By Stephanie Zacharek
By Alan Scherstuhl
By Alan Scherstuhl
By Charles Taylor
By Melissa Anderson
By Inkoo Kang
By Amy Nicholson
By Sam Weisberg
Those expecting action-movie pyrotechnics from Bradley Rust Gray's The Exploding Girl will be disappointed—the only loaded weapon in this indie is the title, at once a vulgar joke at the expense of its epilepsy-stricken heroine and an accurate assessment of her emotional arc.
Zoe Kazan stars as the titular girl, a college freshman named Ivy who travels home to Manhattan for spring break. It's not exactly Girls Gone Wild: Ivy's lifestyle, structured to avoid seizure triggers like stress and booze, is conservative for the average 18-year-old. In between doctor appointments, meals with her harried single mom, and awkward phone calls with her distant boyfriend, Ivy roams the city with Al (Mark Rendall), her goofy-cute best friend from high school. But Al goes out at night to get stoned, leaving Ivy to lie in bed alone, staring at her un-ringing phone.
Girl is narratively slight, but aesthetically and psychologically complex. At times, it feels more like an illustrated audio collage than a movie—dialogue is mixed at the same volume as traffic, and multitracked sounds of the city seem to substitute for Ivy's internal monologue. Gray's camera voyeuristically tracks his actors from afar—shooting from across streets or behind bushes or half-open doors, he catches fleeting glimpses as they weave in and out of real crowds and New York City locations.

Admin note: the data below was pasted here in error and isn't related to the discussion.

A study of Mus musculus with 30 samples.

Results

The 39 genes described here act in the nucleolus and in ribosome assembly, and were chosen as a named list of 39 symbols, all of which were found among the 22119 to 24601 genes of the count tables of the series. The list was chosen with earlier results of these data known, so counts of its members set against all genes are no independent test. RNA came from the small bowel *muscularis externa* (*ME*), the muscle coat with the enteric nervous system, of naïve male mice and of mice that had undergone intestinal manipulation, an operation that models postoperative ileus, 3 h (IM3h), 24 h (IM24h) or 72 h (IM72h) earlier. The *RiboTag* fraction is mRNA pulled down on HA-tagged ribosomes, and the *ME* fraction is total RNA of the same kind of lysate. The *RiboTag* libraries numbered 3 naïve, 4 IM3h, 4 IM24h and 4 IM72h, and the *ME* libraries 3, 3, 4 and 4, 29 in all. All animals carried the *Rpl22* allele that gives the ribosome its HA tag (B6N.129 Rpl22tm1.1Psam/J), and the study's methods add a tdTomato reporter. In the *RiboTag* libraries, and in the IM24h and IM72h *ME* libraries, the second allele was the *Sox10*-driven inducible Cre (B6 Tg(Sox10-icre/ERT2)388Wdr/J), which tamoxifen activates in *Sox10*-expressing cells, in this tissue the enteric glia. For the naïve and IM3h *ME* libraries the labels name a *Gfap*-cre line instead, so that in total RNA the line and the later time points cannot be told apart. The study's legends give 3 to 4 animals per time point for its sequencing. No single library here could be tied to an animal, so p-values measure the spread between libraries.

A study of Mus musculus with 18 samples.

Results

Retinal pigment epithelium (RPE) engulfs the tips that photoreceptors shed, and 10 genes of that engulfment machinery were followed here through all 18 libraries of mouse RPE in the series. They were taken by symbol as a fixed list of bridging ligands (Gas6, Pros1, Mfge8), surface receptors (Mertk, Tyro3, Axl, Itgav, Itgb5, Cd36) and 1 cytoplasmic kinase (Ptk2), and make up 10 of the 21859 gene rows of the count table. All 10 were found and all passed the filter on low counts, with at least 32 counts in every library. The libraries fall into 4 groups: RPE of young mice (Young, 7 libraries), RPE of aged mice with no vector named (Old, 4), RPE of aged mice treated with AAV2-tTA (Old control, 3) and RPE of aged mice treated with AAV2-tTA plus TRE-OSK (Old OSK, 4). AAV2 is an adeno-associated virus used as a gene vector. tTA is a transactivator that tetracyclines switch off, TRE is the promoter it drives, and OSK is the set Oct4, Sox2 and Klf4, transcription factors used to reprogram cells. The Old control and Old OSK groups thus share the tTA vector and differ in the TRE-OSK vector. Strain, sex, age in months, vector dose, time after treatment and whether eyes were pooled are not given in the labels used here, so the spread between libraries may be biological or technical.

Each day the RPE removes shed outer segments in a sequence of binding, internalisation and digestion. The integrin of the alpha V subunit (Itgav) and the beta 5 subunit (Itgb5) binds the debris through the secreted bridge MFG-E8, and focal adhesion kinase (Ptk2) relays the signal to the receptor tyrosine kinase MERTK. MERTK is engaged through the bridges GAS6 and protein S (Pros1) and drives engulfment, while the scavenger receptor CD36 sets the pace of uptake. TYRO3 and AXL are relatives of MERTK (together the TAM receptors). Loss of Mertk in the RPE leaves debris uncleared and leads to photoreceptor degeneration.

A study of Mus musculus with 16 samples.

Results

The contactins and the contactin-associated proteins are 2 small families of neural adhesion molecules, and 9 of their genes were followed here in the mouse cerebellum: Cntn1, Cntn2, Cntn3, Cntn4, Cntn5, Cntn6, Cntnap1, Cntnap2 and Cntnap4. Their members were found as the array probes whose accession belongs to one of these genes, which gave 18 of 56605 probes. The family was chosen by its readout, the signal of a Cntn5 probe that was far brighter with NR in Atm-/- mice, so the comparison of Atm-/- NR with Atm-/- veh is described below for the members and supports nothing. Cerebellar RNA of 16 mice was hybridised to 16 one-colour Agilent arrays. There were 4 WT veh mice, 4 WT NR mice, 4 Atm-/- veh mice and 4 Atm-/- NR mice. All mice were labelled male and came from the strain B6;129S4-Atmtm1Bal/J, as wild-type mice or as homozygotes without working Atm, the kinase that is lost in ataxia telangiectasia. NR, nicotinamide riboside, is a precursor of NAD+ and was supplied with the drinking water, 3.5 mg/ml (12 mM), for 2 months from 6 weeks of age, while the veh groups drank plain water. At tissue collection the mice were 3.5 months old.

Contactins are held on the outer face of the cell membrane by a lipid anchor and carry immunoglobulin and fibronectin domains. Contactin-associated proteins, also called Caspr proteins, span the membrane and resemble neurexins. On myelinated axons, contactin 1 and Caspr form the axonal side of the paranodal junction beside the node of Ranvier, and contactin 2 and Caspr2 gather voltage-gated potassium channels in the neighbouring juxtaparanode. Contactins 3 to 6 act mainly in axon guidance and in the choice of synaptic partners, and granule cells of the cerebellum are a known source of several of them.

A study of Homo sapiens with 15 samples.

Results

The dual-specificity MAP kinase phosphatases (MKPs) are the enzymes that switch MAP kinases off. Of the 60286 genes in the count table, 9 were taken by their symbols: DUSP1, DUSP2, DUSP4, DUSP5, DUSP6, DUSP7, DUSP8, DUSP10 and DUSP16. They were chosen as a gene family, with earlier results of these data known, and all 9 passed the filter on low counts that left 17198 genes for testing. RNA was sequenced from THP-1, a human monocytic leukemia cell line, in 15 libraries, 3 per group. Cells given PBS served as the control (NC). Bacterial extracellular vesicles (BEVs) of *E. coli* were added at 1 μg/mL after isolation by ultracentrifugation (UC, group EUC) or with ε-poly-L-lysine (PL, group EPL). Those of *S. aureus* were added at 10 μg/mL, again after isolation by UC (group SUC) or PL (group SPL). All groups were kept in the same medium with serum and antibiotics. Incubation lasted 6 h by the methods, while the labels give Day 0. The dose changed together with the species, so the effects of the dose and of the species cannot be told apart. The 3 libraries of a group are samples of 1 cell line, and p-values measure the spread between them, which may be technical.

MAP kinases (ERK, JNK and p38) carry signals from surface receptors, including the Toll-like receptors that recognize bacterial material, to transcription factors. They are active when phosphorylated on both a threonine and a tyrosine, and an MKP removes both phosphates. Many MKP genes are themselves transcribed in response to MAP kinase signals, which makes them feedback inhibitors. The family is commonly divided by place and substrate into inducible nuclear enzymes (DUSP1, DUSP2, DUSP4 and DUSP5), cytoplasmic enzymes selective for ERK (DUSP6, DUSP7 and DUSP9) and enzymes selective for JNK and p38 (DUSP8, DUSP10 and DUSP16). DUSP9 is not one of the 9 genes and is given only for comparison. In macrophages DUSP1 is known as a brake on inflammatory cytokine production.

With her hair pulled into sweaty double ponytails and makeup-free face dominated by baby-fat cheeks and bulbous peepers, Kazan nails the blinking awkwardness of a young woman who hasn't yet learned to control her own beauty, for whom being looked at is akin to being exposed. Her big eyes are hardly windows to her soul—they're more like two-way mirrors, through which she can peer out, critically, without letting anyone in. And while everyone around her babbles as if they're in a mumblecore film (which Girl emphatically is not), Ivy never says more than she has to. Handed a rambling rejection, she spits out a single-word response: "Why?"
Avoiding allegorical clichés, Gray turns the frustrations of epilepsy—the dozens of small concerns that, in combination, strangle Ivy's free will—into an effective metaphor for non-epileptic youthful paralysis, and the inevitable "explosion" into the culmination of all those growing pains. Though Gray's camera is never as far away from Ivy as when she's convulsing, her seizure opens the floodgates to a gush of emotion: The girl who fought so hard to keep herself contained suddenly can't hold back.